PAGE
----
Turneffe Atoll is the largest of three offshore atolls located 50 kilometres east of Belize City. Turneffe is one of the best-developed atolls of the Mesoamerican Reef region. It is made up of more than 150 islands of savannah, littoral forest and intact mangrove forests and considered a global ecological hotspot for marine biodiversity. Roughly a quarter of the total land ownership is private and only six locations (80 hectares) have been developed for tourism. The land to be purchased is a 5-acre parcel covered with mangrove and littoral forest along the eastern side of Turneffe Atoll.
Reasons to prioritize
The World Wildlife Fund (WWF) designated Turneffe Atoll as a priority ecoregion for conservation planning efforts. Similarly the International Union for Conservation of Nature (IUCN) has recommended that it be included in Belize’s UNESCO-designated World Heritage site.
Five fish-spawning aggregation sites and seven biodiverse ecosystems of scientific value support numerous Critically Endangered, Endangered and Vulnerable species, including:
- hawksbill turtle (Eretmochelys imbricate)—Critically Endangered
- leatherback turtle (Dermochelys coriacea)—Vulnerable
- goliath grouper (Epinephelus itajara)—Critically Endangered
- staghorn coral (Acropora cervicornis)—Critically Endangered
- elkhorn coral (Acropora palmata)—Critically Endangered
The health of the marine environment is also critical to social and economic well-being. Ecosystem services provided by coral reefs, mangroves and seagrass absorb carbon dioxide, provide protection for coastal communities from tropical storms, support traditional fishing and are the foundation for the tourism industry.
Turneffe Atoll faces numerous threats because of its close proximity to Belize City. The highest threats identified are:
- pressure from fishing, especially unsustainable practices
- development and dredging, leading to the destruction of habitats
- extraction of non-timber products
The privately owned land, especially littoral forest, is threatened by speculative investment in residential and ecotourism development. Fragmented decision-making within and among government agencies results in a lack of enforcement, regulation and oversight, as well as substandard environmental assessments and review prior to issuing permits.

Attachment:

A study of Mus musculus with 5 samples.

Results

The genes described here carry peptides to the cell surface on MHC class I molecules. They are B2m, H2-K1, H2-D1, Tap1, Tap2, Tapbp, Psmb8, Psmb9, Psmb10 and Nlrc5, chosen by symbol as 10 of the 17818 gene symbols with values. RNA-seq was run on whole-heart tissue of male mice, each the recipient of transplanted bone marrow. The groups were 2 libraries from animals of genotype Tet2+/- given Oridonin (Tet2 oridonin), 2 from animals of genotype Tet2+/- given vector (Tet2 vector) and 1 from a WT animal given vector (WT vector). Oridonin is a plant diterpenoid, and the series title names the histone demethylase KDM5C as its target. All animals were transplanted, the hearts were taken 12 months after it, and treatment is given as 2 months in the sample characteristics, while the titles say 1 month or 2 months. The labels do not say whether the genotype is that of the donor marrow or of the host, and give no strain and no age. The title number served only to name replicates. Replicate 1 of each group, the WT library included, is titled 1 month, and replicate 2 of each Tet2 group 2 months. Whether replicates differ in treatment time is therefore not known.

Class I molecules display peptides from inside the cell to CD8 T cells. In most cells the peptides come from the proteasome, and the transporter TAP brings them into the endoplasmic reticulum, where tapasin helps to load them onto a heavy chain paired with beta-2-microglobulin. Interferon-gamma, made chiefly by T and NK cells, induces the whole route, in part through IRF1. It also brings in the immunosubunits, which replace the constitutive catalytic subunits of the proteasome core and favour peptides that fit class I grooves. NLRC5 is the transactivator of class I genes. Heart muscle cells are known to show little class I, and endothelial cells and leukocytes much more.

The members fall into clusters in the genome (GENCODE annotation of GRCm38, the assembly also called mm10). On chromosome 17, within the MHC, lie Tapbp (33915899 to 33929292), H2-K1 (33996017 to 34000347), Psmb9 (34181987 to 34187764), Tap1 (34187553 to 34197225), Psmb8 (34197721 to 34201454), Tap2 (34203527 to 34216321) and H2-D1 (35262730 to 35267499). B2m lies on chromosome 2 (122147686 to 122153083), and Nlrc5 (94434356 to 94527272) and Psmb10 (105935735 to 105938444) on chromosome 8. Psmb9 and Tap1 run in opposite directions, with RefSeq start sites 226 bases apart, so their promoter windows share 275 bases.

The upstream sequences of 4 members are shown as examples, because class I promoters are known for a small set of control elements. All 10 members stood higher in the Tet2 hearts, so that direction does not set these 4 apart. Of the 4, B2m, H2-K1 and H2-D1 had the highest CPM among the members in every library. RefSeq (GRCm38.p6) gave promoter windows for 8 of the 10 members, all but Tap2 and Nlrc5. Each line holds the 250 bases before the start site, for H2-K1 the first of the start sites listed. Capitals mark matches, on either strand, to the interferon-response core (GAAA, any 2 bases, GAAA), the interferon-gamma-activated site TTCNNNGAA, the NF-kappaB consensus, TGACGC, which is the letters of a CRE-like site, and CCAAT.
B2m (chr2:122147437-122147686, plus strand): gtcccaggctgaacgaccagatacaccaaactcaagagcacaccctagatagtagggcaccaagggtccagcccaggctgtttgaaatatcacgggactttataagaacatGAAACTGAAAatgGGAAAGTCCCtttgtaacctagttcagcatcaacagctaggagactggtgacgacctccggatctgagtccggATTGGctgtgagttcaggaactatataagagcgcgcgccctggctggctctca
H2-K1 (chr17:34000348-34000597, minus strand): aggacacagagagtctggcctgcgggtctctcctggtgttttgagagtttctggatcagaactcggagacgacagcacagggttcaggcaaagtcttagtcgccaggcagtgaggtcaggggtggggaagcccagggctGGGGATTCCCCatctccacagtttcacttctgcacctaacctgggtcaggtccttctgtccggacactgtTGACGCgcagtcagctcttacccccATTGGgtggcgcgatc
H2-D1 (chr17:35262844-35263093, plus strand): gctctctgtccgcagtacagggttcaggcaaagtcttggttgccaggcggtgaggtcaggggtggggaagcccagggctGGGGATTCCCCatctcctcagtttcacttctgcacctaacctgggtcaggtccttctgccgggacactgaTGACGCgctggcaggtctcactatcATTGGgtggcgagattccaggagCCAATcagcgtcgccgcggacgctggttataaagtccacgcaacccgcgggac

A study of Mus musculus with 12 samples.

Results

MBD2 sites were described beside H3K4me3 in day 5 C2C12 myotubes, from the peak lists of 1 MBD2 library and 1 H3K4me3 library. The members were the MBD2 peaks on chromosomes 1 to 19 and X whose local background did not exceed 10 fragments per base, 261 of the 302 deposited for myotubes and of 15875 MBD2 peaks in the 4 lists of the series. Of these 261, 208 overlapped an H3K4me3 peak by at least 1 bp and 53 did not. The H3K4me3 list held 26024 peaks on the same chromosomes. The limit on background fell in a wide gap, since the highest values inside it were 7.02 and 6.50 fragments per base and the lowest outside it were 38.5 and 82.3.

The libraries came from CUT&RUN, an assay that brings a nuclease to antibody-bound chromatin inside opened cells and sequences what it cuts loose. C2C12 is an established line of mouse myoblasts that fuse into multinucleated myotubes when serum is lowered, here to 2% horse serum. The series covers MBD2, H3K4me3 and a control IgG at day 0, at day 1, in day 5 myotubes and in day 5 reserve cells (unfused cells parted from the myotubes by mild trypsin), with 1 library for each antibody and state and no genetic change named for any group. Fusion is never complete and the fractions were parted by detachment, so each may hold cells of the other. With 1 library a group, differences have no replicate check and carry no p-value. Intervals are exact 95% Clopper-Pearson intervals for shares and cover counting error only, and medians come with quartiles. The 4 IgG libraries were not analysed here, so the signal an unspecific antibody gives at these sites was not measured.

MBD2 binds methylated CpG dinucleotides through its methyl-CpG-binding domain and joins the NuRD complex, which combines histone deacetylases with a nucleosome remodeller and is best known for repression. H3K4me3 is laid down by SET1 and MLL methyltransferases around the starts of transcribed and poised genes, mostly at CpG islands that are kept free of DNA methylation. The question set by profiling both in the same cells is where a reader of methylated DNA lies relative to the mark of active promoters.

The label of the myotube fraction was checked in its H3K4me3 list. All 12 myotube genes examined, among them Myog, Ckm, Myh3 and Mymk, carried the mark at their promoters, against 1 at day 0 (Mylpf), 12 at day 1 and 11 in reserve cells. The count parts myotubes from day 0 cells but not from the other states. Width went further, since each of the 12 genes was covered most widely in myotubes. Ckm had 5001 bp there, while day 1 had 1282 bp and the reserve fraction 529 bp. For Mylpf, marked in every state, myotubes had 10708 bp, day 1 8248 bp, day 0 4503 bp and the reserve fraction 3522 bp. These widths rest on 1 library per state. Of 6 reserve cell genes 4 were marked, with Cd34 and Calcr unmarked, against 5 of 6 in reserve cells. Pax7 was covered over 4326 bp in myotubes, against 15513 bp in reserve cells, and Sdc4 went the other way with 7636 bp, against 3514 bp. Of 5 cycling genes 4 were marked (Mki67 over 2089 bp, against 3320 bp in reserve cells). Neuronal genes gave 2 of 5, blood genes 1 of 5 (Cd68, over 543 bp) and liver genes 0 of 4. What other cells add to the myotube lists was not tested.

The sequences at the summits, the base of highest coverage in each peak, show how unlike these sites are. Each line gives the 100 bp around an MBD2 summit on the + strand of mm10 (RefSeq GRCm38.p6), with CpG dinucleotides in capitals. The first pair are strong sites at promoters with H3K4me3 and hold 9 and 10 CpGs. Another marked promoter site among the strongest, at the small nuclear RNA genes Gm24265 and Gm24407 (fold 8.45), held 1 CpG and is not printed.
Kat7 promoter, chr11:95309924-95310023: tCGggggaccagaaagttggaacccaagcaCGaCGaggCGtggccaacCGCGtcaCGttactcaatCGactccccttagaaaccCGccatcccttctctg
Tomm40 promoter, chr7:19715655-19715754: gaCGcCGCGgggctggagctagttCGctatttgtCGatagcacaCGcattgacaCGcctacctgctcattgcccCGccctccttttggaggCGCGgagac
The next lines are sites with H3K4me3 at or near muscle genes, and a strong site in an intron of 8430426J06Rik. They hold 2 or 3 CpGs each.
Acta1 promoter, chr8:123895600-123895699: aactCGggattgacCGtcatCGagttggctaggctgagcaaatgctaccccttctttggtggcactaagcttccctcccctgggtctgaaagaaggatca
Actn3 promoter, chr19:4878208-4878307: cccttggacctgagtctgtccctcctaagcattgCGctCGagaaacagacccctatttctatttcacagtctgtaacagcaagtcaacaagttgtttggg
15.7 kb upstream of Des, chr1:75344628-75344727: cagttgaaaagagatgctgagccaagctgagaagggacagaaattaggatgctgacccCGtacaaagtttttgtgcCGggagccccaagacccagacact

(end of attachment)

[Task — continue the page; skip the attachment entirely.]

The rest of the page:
Without conservation, illegal and improper development, clearing of mangroves and dredging may occur. These activities decrease water quality, increase erosion causing sedimentation and release carbon dioxide and pollutants, thus threatening seagrass and coral viability as well as the habitat supporting many aquatic and terrestrial species.
TAT’s Conservation Plan
Each property acquired by Turneffe Atoll Trust will follow the guidelines and recommendations of the Turneffe Atoll Management Plan. In addition specific management plans will be developed for each parcel of land purchased, depending on its unique characteristics, needs and opportunities.
Our active management will address:
1) improper development (clearing and dredging): Once purchased, TAT staff and Turneffe enforcement rangers will be able to monitor the properties and make sure they remain protected from illegal clearing, dredging and development. The enforcement rangers live permanently at Turneffe and are funded through the Turneffe Atoll Sustainability Association (TASA). Close collaboration with TASA and the rangers will be required as new land is purchased.
2) Over-, illegal- and out-of-season harvesting of fish, conch and lobster: Education and employment of local fisherman, catch-and-release legislation, and daily patrols and enforcement of the marine-reserve regulations are helping to protect land and water resources. These programmes will continue, and TAT will look for new ways to ensure long-term protection through legislative and legal processes. TAT is also embarking on a new program—Land and Water Watch—in which we will work with legal consultants to review environmental assessments of proposed developments and with the Belize Fisheries Department to make sure permits are issued correctly and enforced. This programme will also apply to future land purchases.
TAT will also pursue a UNESCO biosphere-reserve designation for Turneffe. With this designation comes a higher level of national and global protection and more opportunities for funding, enforcement and oversight to help ensure the protection of the atoll and the land that TAT purchases for conservation.